Festival Series ends evening performances; focus remains Arts-in-Education

By Cynthia Prairie

The 28-year-old Green Mountain Festival Series evening performances will no longer be held. The GMFS board of directors  announced on Wednesday, July 11, that the series was ending its annual performance lineup to focus on its Arts-in-Education program.

In announcing the decision in an email, the board wrote, “For many years the GMFS was the only show in town. Now the Arts have found homes in a variety of places in the surrounding area and they are patronized and supported by many of us.” The performances were held throughout winter months at Green Mountain Union High School, always ending with the school’s annual spring musical.

Now, live entertainment can be found year-round within easy drives of Chester: at the Weston Playhouse, the Bellows Falls Opera House, the Claremont Opera House, the Paramount Theatre in Rutland and Northern Stage in Hanover, NH, among others. Another factor that could have played into the drop in attendance is the Great Recession, which many people are still suffering from.

Smaller audiences

In an interview on Friday, July 13, treasurer Alison DesLauriers said, “It was a hard decision to make to stop the evening performance series. … But we’ve watched our audience become smaller over the past several years and feel that the dollars raised can be better spent directly on Arts-in-Ed,” a program that has introduced thousands of area students to a variety of studio and performance arts and the artists who practice them.  Some of whom have spent week-long residencies within the schools.

The evening performances also introduced thousands of adults to performers that they may have only had the chance to see in a city, such as pianist George Winston, the Alvin Ailey II dance company, the Joffrey Ballet and musician Leon Redbone.

But, DesLauriers said, there are large costs associated with bringing in the acts: paying the performers, the technical needs, hospitality, promotion, among others.

Besides the festival series’ net proceeds, funding for the Arts-in-Education program has come from local donors, the annual silent auction, arts grants, the individual schools and the Windsor Southwest Supervisory Union. Annually, the Arts-in-Education program spends about $20,000 to serve Flood Brook Union Elementary, Chester-Andover Elementary, Cavendish Town Elementary and Green Mountain Union High School.

“The financing of the (Arts-in-Ed) program is a process question that we’ll address in the fall,” said DesLauriers.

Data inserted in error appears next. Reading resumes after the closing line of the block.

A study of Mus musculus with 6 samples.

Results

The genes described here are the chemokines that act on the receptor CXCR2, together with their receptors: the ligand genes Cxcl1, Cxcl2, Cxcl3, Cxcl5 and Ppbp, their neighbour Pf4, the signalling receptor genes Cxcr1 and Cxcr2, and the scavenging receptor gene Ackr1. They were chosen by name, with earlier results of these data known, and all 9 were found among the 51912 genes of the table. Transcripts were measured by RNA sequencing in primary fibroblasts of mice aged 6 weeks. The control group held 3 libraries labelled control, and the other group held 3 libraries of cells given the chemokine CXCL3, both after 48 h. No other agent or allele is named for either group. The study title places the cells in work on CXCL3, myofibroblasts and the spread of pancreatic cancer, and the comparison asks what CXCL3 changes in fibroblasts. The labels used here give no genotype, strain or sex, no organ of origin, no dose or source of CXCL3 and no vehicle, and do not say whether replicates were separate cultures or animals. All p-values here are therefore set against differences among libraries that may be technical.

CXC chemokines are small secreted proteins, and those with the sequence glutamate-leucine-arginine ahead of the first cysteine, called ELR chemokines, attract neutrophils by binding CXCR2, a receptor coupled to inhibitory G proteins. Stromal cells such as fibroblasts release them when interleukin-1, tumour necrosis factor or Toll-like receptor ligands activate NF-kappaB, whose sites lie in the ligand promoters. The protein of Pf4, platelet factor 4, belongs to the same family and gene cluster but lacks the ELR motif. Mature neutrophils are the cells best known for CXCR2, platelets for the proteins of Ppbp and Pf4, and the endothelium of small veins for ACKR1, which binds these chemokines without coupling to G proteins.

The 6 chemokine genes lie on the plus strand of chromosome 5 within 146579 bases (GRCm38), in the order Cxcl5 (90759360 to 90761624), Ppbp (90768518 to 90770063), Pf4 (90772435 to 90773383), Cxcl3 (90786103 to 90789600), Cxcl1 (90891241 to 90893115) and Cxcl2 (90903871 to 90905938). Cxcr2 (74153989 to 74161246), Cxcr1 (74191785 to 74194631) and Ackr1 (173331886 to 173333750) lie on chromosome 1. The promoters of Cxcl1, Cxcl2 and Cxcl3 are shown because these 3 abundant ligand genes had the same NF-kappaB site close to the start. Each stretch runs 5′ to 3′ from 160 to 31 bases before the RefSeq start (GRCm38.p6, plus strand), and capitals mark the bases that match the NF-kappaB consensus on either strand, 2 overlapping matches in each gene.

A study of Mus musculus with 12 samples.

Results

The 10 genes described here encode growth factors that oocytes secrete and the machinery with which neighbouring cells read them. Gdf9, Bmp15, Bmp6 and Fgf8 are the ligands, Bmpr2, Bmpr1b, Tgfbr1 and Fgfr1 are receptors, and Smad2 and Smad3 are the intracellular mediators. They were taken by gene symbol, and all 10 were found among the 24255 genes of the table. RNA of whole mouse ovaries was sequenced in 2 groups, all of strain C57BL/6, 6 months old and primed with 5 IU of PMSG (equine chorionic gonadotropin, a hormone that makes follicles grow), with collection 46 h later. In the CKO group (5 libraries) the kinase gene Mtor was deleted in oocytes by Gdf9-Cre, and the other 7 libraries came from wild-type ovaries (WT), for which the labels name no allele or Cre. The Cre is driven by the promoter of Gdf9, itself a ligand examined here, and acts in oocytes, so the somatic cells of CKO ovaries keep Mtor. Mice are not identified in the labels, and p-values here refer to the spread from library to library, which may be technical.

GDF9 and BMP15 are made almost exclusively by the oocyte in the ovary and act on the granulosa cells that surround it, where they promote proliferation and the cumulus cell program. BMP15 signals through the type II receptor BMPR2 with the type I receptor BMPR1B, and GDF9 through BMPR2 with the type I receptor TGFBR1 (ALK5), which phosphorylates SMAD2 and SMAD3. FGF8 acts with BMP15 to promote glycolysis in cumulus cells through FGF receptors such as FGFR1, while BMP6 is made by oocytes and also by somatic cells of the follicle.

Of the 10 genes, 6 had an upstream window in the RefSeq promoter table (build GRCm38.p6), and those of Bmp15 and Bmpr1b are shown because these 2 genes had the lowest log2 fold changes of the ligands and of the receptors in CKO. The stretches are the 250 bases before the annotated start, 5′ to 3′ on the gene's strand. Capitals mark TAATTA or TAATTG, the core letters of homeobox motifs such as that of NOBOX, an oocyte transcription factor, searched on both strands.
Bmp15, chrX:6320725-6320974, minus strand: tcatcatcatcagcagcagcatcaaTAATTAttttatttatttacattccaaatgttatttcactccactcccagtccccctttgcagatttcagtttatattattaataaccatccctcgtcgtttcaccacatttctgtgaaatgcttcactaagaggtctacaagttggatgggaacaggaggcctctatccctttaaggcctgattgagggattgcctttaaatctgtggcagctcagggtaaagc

She added that the recent consolidation of the WSWSU with the Rutland-Windsor Supervisory Union was not a factor in “the decision to end the evening performance series. … but it will cause us to consider how we will grapple with the situation as we go forward.”

In-school program continues

“We’ll serve those same four schools in the upcoming school year. … and decisions affecting the schools after that … will be made in fall,” DesLauriers said.

Under the consolidation, the RWSU towns of Ludlow, Mt. Holly and Plymouth are uniting with the WSWSU towns of Chester, Andover, Baltimore and Cavendish. Peru, Landgrove, Weston and Londonderry, which feed into Flood Brook elementary, earlier voted to regroup into the Bennington Rutland SU.

Over its 28 years, the evening series has staged more than 150 performances from a wide variety artistic disciplines and geared toward a wide variety of audiences.

In its press release, the board said it has donated $500,000 to support “artists in the classrooms via mini-grants to teachers, school-wide residencies” including dance, performances by the “Vermont Symphony Orchestra, the Early Stages program at Weston Playhouse for elementary students, and the GMUHS musical in the spring,” which, DesLauriers said, “Arts-in-Ed will continue to support …”


About the Author: Cynthia Prairie has been a newspaper editor more than 40 years. Cynthia has worked at such publications as the Raleigh Times, the Baltimore News American, the Buffalo Courier Express, the Chicago Sun-Times and the Patuxent Publishing chain of community newspapers in Maryland, and has won numerous state awards for her reporting. As an editor, she has overseen her staffs to win many awards for indepth coverage. She and her family moved to Chester, Vermont in 2004.